High Road took the long road to becoming a television show. Chris Schulz charts the success of the cult hit that's hitting the airwaves bigger and better than ever.
It started in Piha in 2013. The roar of the ocean in the background, the afternoon sun fading, and neighbours having a casual meal together.
Suddenly, an idea was born.
"We were like, 'It would be cool to have a radio station,'" says Justin Harwood, the former bassist for The Chills, who had been spending time with his new neighbour and friend, actor Mark Mitchinson.
"I found this guy in Hamilton who leased transmitters. I drove down to Hamilton, got one, bought it back, set it up and tied the aerial to a deck.
"We were like, 'Hello! Is anyone out there?' No one was out there because no one knew about it."
They persisted with their fledgling radio station, moving the set-up into a spare bedroom in Harwood's house, broadcasting relentlessly.
Radio Piha was born.
"It just turned into this massive community station," says Harwood. "We had people doing heavy metal shows, sports shows. I did the Saturday morning run."
Around this time, another idea was born.
Bored at his day-job editing advertisements, Harwood had a thought. "I was like, 'How hard would it be to write a TV show? I didn't know how to write a script, or tell a story. I was meant to be working, so I sat down and wrote this six-part show called High Road."
One of the characters, a bit-part character and "loser DJ guy" called Terry Huffer, was based on Mitchinson, a television and film veteran who's had roles in many major local productions, ranging from Outrageous Fortune to The Hobbit.
"I don't think he'd actually seen what he'd written," remembers Mitchinson, who read Harwood's script and quickly fell in love with Huffer.
"I knew I could play him, I'd been playing these terrible bad men [but] I love comedy. I really wanted to do a comedy."
So Mitchinson intervened. "Mark came running across the property," remembers Harwood. "He yelled, 'Why don't we pull all the Terry stuff out and make that into a TV show, and make five more?"
That's exactly what they did, calling in favours from Mitchinson's friends in the TV industry to put together a short web series of six 10-minute episodes, based around Mitchinson's character Huffer, a washed-up rock star running a low-budget radio station from a campground.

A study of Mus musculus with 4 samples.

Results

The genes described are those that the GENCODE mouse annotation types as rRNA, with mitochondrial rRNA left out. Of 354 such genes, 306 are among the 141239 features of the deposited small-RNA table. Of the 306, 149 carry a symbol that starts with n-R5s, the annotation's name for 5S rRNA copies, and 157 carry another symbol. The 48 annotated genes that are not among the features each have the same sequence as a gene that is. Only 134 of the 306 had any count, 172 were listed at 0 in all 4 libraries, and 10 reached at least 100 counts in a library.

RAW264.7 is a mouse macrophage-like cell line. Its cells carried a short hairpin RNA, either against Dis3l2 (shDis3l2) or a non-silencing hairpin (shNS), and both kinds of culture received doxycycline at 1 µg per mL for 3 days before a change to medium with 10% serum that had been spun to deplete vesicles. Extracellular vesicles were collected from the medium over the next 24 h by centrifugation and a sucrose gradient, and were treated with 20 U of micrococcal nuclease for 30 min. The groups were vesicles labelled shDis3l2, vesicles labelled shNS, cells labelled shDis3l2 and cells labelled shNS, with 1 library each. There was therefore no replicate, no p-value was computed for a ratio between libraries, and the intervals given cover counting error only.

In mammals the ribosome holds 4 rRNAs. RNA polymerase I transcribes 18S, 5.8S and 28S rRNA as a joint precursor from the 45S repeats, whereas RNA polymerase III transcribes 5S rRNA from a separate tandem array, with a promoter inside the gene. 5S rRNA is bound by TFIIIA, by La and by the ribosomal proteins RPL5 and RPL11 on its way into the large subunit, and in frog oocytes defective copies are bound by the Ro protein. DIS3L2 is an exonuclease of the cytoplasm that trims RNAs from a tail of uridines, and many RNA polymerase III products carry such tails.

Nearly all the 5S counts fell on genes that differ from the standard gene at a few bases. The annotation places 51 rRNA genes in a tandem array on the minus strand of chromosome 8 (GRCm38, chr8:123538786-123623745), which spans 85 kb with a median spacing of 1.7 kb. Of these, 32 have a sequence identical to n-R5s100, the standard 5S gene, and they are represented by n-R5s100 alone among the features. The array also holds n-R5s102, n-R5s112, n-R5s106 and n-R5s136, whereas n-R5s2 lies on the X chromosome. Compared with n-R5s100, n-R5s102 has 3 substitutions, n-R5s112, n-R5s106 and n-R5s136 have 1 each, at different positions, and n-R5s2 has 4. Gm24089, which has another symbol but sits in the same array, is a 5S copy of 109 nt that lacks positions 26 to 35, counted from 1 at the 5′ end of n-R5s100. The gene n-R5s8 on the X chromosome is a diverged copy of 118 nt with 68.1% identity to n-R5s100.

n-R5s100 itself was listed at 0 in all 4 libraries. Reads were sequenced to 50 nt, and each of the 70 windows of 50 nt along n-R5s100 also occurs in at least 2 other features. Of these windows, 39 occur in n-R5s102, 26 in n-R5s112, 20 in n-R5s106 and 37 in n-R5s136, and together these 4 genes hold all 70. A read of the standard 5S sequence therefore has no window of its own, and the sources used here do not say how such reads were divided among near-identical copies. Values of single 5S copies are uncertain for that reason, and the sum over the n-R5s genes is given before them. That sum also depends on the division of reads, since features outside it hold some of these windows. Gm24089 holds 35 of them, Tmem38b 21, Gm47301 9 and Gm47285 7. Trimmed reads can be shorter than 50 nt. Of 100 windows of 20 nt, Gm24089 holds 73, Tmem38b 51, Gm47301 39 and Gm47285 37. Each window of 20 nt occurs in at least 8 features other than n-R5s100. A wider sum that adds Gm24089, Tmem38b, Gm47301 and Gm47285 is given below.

Life imitated art. And art imitated life. They filmed during school hours at Piha Campground and whenever actors and crew were available. There was no money for wardrobe or makeup.
No one was paid. According to an IMDB estimate, High Road's first season was made for $2000. Harwood believes it was less than that. "I gave everyone $50 for gas. We ripped it out in four days."
From those humble beginnings, High Road has become the little web series that could. It became a cult hit locally and amassed a loyal following overseas, including fans in France and South America.
NZ on Air got on board and a second season was made in 2014. Two years later came the third season, the one that made headlines for scoring a cameo from Emma Thompson.
Yes, Dame Emma Thompson, the Oscar-winning star from Howards End, The Remains of the Day, and Sense and Sensibility. "We gave her £200, because we had to," quips Harwood.
All of this is a way of taking the long road to say The High Road is now a very big deal. That's thanks to the new season, a full eight-show order for full-length episodes from Lightbox, the first scripted drama show commissioned by the local streaming service.
"We absolutely loved the original web series," says Lightbox's general manager, Hema Patel. "It was a hidden gem with a great cast, wrapped in that special sense of humour distinct to Kiwis ... we wanted to give the series a new lease of life."
Debuting on Monday, the new-look High Road includes a far larger budget, full half-hour episodes, some familiar faces from New Zealand's music scene, and several major set pieces. Weekend is witness to one scene that includes a stunningly awkward rumble between Huffer and rocker Jordan Luck, arguing over who wrote The Exponents' hit Victoria.
What other changes have been made? "We have someone doing our makeup now, and clothes," says Danielle Mason, who plays Shona. "In the early days it was slap something on, use your own clothes."
"We did it by the seat of our pants in the beginning," agrees Mitchinson. "I just called in favours from all my mates. It was all an accident. We had this ridiculous thing ... it's just as daft as it's ever been but everyone's getting paid a little bit better."
It's a long road to the top. What would the top look like for High Road? Are there any more sudden ideas coming their way?
Harwood quips that he's still mulling over something Thompson told him when they were shooting season three together.
"She said, 'As soon as you're doing the movie, we'll come over," he says. "It's hard to turn Emma Thompson down, so we're thinking about it."
• The High Road's second season is available for streaming on Lightbox from Monday.